Declaring that “East is East, and West is West, and never the twain shall meet,” Rudyard Kipling clearly never envisioned last Wednesday’s congenial blending of hemispheres at the Hiwan Homestead Museum.

In chill dark of early evening, a vanload of visitors from the Far East arrived for a personal tour of Evergreen’s most prominent symbol of the Old West. It was a distinguished group: 10 professors from the Yunnan Radio & TV University in Kunming, China, getting their first look at Rocky Mountain-style cowboy capitalism and apparently liking the view.

True, the lecturers hadn’t come all the way from the Republic of China for a look at the Homestead, although some might say it would be worth the trip. In fact, they’d come to Colorado at the invitation of Metropolitan State College of Denver. As it happens, Kunming (“The City of Perpetual Spring”) and Denver (“The Queen City of the Plains”) are sister cities, and MCSD and the Yunnan Radio & TV College are busy forging a mutually beneficial exchange program.

“We’re talking about a collaboration of students from both schools producing films on a single subject,” said Ken Bisio, an Evergreen resident and ace shutterbug with MSCD’s Department of Communication Arts & Sciences. “It should be interesting to see how two groups of students from two widely different cultures tell the same story. It’s visual anthropology.”

Anthropology, of course, is the handmaiden of history, which brings us back to last Wednesday’s happy affair. On disembarking, the Chinese were immediately taken with the small herd of mule deer quietly grazing Heritage Grove, and museum director John Steinle should be commended for artfully staging that highly authentic display.

Inside, after a suitable exchange of greetings and recognitions, the delegates were ushered into the homestead’s Great Room, where they arranged themselves in front of a bright and colorful Christmas tree for a battery of keepsake photographs.

Curiously, or maybe not, Steinle’s move to snap the scene met with cautious resistance from the group’s leader, Dr. Xu Bin. A slender man of immense dignity and impeccable formality — sort of like Yunnan Province’s answer to Basil Rathbone — Dr. Xu wished to know the director’s “purpose” in taking their picture. Schooled in the esoteric arts of diplomacy, Steinle deftly recited some very passable boilerplate about how their photograph would occupy a place of honor within the museum’s historical archive, which was true enough, and satisfied Dr. Xu, and the tour continued in a spirit of good fellowship and international cooperation.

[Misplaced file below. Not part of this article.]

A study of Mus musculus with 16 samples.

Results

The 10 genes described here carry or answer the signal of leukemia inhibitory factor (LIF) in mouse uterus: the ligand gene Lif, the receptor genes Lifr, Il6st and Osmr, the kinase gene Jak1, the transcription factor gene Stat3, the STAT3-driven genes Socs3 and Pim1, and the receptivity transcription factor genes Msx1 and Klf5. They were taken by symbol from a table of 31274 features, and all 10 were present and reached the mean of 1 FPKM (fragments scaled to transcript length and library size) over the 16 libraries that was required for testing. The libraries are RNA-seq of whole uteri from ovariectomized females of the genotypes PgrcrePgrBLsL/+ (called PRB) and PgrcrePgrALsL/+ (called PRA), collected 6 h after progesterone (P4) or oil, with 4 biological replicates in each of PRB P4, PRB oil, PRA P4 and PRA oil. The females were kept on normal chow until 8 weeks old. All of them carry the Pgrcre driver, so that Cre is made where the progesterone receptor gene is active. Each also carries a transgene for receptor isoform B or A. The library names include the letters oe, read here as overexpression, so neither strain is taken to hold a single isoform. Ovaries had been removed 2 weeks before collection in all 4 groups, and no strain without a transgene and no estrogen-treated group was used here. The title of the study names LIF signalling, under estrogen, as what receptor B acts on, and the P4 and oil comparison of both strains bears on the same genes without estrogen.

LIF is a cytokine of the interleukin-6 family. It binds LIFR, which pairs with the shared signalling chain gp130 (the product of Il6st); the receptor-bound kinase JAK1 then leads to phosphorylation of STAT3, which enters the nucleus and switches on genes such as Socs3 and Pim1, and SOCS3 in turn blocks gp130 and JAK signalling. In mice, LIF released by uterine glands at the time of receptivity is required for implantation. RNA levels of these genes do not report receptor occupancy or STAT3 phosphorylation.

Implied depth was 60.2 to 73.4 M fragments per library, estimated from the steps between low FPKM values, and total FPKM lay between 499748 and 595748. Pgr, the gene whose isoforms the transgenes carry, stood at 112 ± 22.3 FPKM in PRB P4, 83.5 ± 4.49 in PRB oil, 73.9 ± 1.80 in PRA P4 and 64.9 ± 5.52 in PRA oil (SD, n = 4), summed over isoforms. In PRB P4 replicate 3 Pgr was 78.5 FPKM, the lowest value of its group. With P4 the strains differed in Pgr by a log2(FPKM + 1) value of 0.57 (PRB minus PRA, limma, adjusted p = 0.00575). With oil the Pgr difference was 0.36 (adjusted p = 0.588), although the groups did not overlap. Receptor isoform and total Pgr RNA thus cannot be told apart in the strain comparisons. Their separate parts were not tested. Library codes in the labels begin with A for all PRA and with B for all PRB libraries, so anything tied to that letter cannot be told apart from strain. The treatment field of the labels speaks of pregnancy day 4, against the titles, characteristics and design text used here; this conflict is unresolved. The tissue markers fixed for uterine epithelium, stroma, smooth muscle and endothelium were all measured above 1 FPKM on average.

For more than an hour, the Chinese walked the Homestead’s ancient hallways and admired its antique artifacts. Because Steinle’s Mandarin is about on a par with the delegates’ English, interpreting duties were performed by Angela Yang from MSCD’s Office of Academic Affairs. According to Yang, the group had a lot of good things to say.

“Dr. Xu is very interested in history, and he thought the museum was wonderful,” she said. “He also liked the deer, and how everything here is so natural. Instead of urban beauty, you have natural beauty.”

Well, that’s what the good Dr. Xu thinks. How about the rank and file?

“They are all interested in the American West,” Yang said. “Everybody liked all the old things, the furniture and tables and chairs, and the American Indian artifacts. They thought it was admirable that you have preserved these things so well.”

Before arriving in Evergreen, the professors had already enjoyed a whirlwind tour of the MSCD campus, lunch at Famous Dave’s Barbecue and, still packing a load of Dave’s famously dense product, spent the afternoon clambering around Red Rocks Amphitheatre. “They had a snowball fight,” Bisio remarked.

From the Homestead Museum, it was off to El Rancho for supper and carriage rides on the unapologetically decadent 16th Street Mall.

“It was interesting to see how everybody deferred to Dr. Xu,” said Steinle. “Even Angela did it. You could tell they were following a pretty strict protocol.

“They seemed very interested in the chapel, and they seemed fascinated by the icebox. They also liked the part about Dr. Jo — Josepha Douglas — who was one of the first women to earn a medical degree.

“They really were a great group, very interested in everything. I really enjoyed having them.”